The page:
Where Are They Now: Catching Up With Izak Van Der Merwe
-Name: Izak Van Der Merwe
-Graduation Year: 2005
-Played for ODU from: 2001-2005
-Inducted into ODU Hall of Fame: 2014
-Career Highest ATP Ranking: 113, (94 doubles)
-Best ATP Win: Grigor Dmitrov / Jack Sock
Q: What are you up to these days?
A: After completing my MBA in Dec. of 2015 at University of Texas at Dallas, I started working at Texas Instruments in their corporate finance department.
Q: What are your favorite memories from playing at Old Dominion?
A: Traveling as a team and playing against many different universities was a great experience. That experience is unique to college tennis in the U.S. and it was a great way to grow as a person, gain exposure to different areas of the country and build relationships with fellow teammates.
Another highlight was reaching the semifinals of the NCAA tournament in 2005 and sharing that experience with my parents and friends that travelled from afar to come and support me.
Q: Have you gone back to see campus at all lately? If so, what are your thoughts?
A: Yes, I was on campus in 2015 and it really changed a lot since 2005. Old Dominion added many buildings to the campus over the last 10 years. It certainly transformed into a beautiful campus with many impressive buildings. The indoor tennis center is certainly one of those state of the art buildings that had a positive impact on the aesthetics of the campus. Not only this, but I’m sure the players enjoy competing in such a great facility.
Q: What do you miss the most about your college playing days?
A: Traveling around the country and competing against other universities and building camaraderie with your fellow teammates provided me with fond memories. On the pro tour, it was much more about the individual with only a few weeks a year you got to play in a team i.e. Davis Cup. The team environment of college tennis is definitely its strongest attribute and something that I’m very grateful to have been able to experience.
Q: How did ODU prepare you for life after school?
A: I learned a lot during my four years at ODU. I think the great thing about college sports is that it challenges you to balance athletics with academics. You quickly learn how to manage your time effectively and how to prioritize the most critical tasks in order to be successful. This dynamic puts you in pressure situations to perform in the classroom as well as on the tennis court.
Q: How did playing for ODU and college tennis help you succeed on pro tour?
A: I’m grateful for ODU providing me with a scholarship and giving me a platform to develop my talent as a tennis player. I believe the four years I spent at ODU was critical to my success on the pro tour. More than that, I believe the coaching I received from Darryl Cummings and John Hill over the course of my college career provided me with the best chance of achieve my dreams as a professional. I spent a lot of time with both coaches and it was important for me to learn as much as I could even though they had two different approaches to coaching. Darryl was always good at thinking outside the box for answers and ways to improve; John had a more straight forward way of instilling work ethnic and tenacity into my game. I’m very grateful for all the time they poured into my tennis career.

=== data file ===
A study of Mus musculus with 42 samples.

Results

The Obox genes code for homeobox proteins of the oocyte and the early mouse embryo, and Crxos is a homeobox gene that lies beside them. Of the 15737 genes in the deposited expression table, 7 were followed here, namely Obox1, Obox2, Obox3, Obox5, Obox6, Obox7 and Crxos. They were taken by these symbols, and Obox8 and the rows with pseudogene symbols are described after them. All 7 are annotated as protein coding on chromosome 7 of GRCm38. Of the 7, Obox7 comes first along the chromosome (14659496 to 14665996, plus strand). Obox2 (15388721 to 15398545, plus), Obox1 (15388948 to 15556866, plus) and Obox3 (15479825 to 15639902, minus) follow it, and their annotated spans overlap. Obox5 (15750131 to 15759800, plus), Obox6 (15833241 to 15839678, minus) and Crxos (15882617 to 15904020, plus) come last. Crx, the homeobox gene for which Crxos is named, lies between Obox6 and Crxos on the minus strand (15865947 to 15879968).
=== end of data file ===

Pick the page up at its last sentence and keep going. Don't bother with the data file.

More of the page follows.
Q: Talk about your favorite aspects of playing tennis professionally.
A: Playing professional tennis was always my dream when growing up in South Africa. I can truly say I had a passion for the game and always felt energized by the sport. The process of training was always enjoyable to me and I think that is a reason why I excelled. When you find something you are passionate about and that excites and energizes you, you will always be able to overcome challenges and turn them into opportunities to improve.
Being on the ATP tour brought about many challenges beyond merely winning tennis matches. In order to be successful I had to learn self-discipline, how to travel and physically be ready to compete, manage your finances, and effectively be a travel agent for yourself. Having to take care of all the little things before even thinking about what you need to do to improve your game was a challenge, but that also made the successes so much better. It was a very rewarding career in the sense that you can see the fruits of your labor pay off in a very tangible way.
I was lucky enough to travel to all the contents (except Antarctica off course) to compete and this exposed me to many different cultures across the world and was certainly a highlight of life on the tennis tour. I think the greatest privilege was to represent my country in 13 Davis Cup ties. Playing for your country is an experience that few people get and I’m very glad for those matches where I could play not only for myself but also for my team and my country.
Q: Talk about how far ODU men's tennis has come.
A: ODU has done a great job in moving up the rankings in recent years and with the state of the art facilities and quality of coaching, I hope they can keep improving and making us all very proud. I’m always rooting for ODU sports to do well and I wish the Monarchs a very successful upcoming season. I look forward to seeing them make the NCAA tournament!
Q: Would you recommend young athletes to compete for college (ODU)?
A: Absolutely. I think college is a great stepping-stone for any athlete with aspirations of playing professional sports. But having said that, even the athlete does not want to pursue a pro career will find so much value in playing college sports. As I have alluded to before, but college sports mold you and teaches you lessons that will help you be successful later in life. With ODU going from strength to strength I would certainly recommend it to any prospective student looking for a place to learn, grow and improve.